April 25 - The Consumer Financial Protection Bureau has issued a report on payday and deposit advance loans finding that for many consumers these products lead to a cycle of indebtedness. Loose lending standards, high costs, and risky loan structures may contribute to the sustained use of these products which can trap borrowers in debt.
“This comprehensive study shows that payday and deposit advance loans put many consumers at risk of turning what is supposed to be a short-term, emergency loan into a long-term, expensive debt burden,” said CFPB Director Richard Cordray. “For too many consumers, payday and deposit advance loans are debt traps that cause them to be living their lives off money borrowed at huge interest rates.”
The Payday Loans and Deposit Advance Products report is at: http://files.consumerfinance.gov/f/201304_cfpb_payday-dap-whitepaper.pdf.
The report found that payday loans and the deposit advance loans offered by a small but growing number of banks and other depository institutions are generally similar in structure, purpose, and the consumer protection concerns they raise. Both are typically described as a way to bridge a cash flow shortage between paychecks or other income. They offer quick and easy accessibility, especially for consumers who may not qualify for other credit. The loans generally have three features: they are small-dollar amounts; borrowers must repay them quickly; and they require that a borrower repay the full amount or give lenders access to repayment through a claim on the borrower’s deposit account.
The CFPB study is one of the most comprehensive ever undertaken on the market. It looked at a 12-month period with more than 15 million storefront payday loans and data from multiple depository institutions that offer deposit advance products.
The report found many consumers repeatedly roll over their payday and deposit advance loans or take out additional loans; often a short time after the previous one was repaid. This means that a sizable share of consumers end up in cycles of repeated borrowing and incur significant costs over time. The study also confirmed that these loans are quite expensive and not suitable for sustained use. Specifically, the study found limited underwriting and the single payment structure of the loans may contribute to trapping consumers in debt.
Loose Lending: Lenders often do not take a borrower’s ability to repay into consideration when making a loan. Instead, they may rely on ensuring they are one of the first in line to be repaid from a borrower’s income. For the consumer, this means there may not be sufficient funds after paying off the loan for expenses such as for their rent or groceries – leading them to return to the bank or payday lender for more money.
Risky Loan Structures: The risk posed by the loose underwriting is compounded by some of the features of payday and deposit advance loans, particularly the rapid repayment structure. Paying back a lump sum when a consumer’s next paycheck or other deposit arrives can be difficult for an already cash-strapped consumer, leading them to take out another loan.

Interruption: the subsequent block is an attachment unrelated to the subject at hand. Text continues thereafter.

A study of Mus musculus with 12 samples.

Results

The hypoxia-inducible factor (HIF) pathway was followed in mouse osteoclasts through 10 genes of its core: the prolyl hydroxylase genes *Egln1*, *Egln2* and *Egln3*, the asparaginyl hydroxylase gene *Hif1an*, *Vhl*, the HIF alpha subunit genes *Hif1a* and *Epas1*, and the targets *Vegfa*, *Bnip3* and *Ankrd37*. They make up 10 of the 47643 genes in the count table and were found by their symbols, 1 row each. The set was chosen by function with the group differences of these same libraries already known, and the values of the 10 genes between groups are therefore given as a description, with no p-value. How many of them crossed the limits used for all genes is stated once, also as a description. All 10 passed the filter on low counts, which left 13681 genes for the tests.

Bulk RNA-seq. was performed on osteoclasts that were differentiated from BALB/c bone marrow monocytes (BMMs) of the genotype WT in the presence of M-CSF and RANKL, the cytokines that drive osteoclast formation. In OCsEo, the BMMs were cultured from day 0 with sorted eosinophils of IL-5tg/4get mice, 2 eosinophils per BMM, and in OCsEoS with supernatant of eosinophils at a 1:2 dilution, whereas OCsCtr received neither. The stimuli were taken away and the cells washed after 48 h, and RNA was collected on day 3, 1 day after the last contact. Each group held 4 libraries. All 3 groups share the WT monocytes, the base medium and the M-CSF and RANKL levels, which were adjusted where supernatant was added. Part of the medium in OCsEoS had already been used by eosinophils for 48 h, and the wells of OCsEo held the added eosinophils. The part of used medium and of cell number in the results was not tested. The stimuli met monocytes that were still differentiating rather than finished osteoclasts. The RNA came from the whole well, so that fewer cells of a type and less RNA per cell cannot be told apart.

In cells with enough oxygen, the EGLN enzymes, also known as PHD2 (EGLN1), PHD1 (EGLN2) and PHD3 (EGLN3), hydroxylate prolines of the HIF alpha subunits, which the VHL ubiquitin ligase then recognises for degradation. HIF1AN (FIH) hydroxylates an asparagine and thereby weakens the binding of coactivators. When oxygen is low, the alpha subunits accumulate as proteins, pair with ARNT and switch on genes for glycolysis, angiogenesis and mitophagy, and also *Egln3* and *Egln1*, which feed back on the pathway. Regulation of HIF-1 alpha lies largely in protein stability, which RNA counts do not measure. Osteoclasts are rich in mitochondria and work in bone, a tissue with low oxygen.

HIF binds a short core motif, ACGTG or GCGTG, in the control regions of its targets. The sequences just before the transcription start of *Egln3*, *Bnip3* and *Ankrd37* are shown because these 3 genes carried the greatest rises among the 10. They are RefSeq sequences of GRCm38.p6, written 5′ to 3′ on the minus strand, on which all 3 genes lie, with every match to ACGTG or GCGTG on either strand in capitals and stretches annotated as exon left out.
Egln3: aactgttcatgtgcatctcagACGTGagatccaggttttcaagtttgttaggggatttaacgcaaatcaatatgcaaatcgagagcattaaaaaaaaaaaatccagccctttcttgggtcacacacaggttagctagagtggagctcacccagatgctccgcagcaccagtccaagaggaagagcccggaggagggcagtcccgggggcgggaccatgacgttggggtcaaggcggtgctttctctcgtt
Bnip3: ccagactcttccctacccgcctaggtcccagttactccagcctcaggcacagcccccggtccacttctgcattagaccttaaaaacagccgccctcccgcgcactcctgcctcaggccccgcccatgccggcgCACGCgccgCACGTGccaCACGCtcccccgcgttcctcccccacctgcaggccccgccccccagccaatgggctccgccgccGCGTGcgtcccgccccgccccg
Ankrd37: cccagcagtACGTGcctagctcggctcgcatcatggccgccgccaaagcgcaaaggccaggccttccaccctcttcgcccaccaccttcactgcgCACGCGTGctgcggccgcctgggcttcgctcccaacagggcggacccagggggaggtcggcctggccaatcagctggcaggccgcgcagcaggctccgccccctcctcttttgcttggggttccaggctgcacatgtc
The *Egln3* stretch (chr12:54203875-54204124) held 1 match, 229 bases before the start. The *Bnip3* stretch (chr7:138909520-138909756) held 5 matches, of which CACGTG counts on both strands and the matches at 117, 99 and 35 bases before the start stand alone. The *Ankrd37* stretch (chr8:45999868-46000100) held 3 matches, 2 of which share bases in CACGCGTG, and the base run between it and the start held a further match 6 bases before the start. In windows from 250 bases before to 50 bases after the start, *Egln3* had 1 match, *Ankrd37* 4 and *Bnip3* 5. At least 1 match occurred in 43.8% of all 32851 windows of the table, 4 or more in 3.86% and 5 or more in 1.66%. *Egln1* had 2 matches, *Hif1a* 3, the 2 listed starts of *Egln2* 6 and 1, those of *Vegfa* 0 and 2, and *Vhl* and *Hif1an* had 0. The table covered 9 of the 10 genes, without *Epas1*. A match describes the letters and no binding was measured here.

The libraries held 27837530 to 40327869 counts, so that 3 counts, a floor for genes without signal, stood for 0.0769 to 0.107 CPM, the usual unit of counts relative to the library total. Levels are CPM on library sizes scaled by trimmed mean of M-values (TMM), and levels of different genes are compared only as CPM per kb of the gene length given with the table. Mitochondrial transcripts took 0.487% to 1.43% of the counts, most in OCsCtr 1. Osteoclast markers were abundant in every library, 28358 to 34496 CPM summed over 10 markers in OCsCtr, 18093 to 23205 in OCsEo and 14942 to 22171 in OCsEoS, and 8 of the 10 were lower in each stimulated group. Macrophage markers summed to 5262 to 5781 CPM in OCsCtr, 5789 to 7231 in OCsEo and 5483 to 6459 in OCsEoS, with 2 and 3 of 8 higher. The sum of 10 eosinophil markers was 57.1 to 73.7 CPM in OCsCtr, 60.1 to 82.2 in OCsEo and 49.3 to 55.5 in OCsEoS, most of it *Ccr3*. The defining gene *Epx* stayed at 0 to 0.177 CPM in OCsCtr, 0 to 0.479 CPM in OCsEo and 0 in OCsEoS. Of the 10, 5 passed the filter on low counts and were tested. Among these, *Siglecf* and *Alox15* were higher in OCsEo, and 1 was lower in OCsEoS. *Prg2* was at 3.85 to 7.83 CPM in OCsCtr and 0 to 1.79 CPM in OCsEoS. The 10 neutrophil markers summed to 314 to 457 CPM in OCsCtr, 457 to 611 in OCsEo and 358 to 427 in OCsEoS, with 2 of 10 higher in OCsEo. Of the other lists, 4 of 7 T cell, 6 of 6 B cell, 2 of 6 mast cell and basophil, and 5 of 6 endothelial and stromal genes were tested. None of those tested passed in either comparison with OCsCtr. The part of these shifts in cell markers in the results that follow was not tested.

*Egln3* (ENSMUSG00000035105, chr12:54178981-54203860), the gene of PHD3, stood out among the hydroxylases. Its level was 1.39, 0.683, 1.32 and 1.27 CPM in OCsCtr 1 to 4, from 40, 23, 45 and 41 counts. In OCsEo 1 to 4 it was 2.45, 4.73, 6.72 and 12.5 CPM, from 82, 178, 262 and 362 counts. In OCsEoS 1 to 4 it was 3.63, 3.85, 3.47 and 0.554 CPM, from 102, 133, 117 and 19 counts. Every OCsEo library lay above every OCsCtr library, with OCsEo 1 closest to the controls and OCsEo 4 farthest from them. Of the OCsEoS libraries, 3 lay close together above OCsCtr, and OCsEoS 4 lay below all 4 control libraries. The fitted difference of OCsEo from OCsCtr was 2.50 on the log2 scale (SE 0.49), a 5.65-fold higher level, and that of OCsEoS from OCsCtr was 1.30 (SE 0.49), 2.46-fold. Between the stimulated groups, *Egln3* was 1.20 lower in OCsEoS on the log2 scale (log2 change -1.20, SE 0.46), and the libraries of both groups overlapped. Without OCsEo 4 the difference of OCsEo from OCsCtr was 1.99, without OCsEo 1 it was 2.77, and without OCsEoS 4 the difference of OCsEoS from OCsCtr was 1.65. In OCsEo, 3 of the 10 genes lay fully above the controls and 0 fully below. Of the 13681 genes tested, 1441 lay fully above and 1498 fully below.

High Costs: Both payday loans and deposit advances are designed for short-term use and can have high costs. These high costs can add up – on top of the already existing loans that a consumer is taking on.
Sustained Use: The loose underwriting, the rapid repayment requirement and the high costs all may contribute to turning a short-term loan into a very expensive, long-term loan. For consumers, it is unclear whether they fully appreciate the risk that they may end up using these products much longer than the original term. Or, that they may end up paying fees that equal or exceed the amount they borrowed, leading them into a revolving door of debt.
The CFPB has authority to oversee the payday loan market. It began its supervision of payday lenders in January 2012. The CFPB also has authority to examine the deposit advance loans at the banks and credit unions it supervises, which are insured depository institutions and credit unions, and their affiliates, that have more than $10 billion in assets. This report will help educate regulators and consumers about how the industry works and provide market participants with a clear statement of CFPB concerns.
While the study looked at storefront payday lenders, the CFPB will continue to analyze the growing online presence of such businesses. The bureau is also looking at bank and credit union deposit account overdraft programs which provide short-term, small-dollar, immediate access credit services. The CFPB will publish initial results from this overdraft study later this spring.
To help educate consumers about payday and deposit advance loans, today the CFPB updated its Ask CFPB web tool to assist consumers with their financial questions about these products.
A factsheet about payday and deposit advance loans is available at: http://files.consumerfinance.gov/f/201304_cfpb_payday-factsheet.pdf.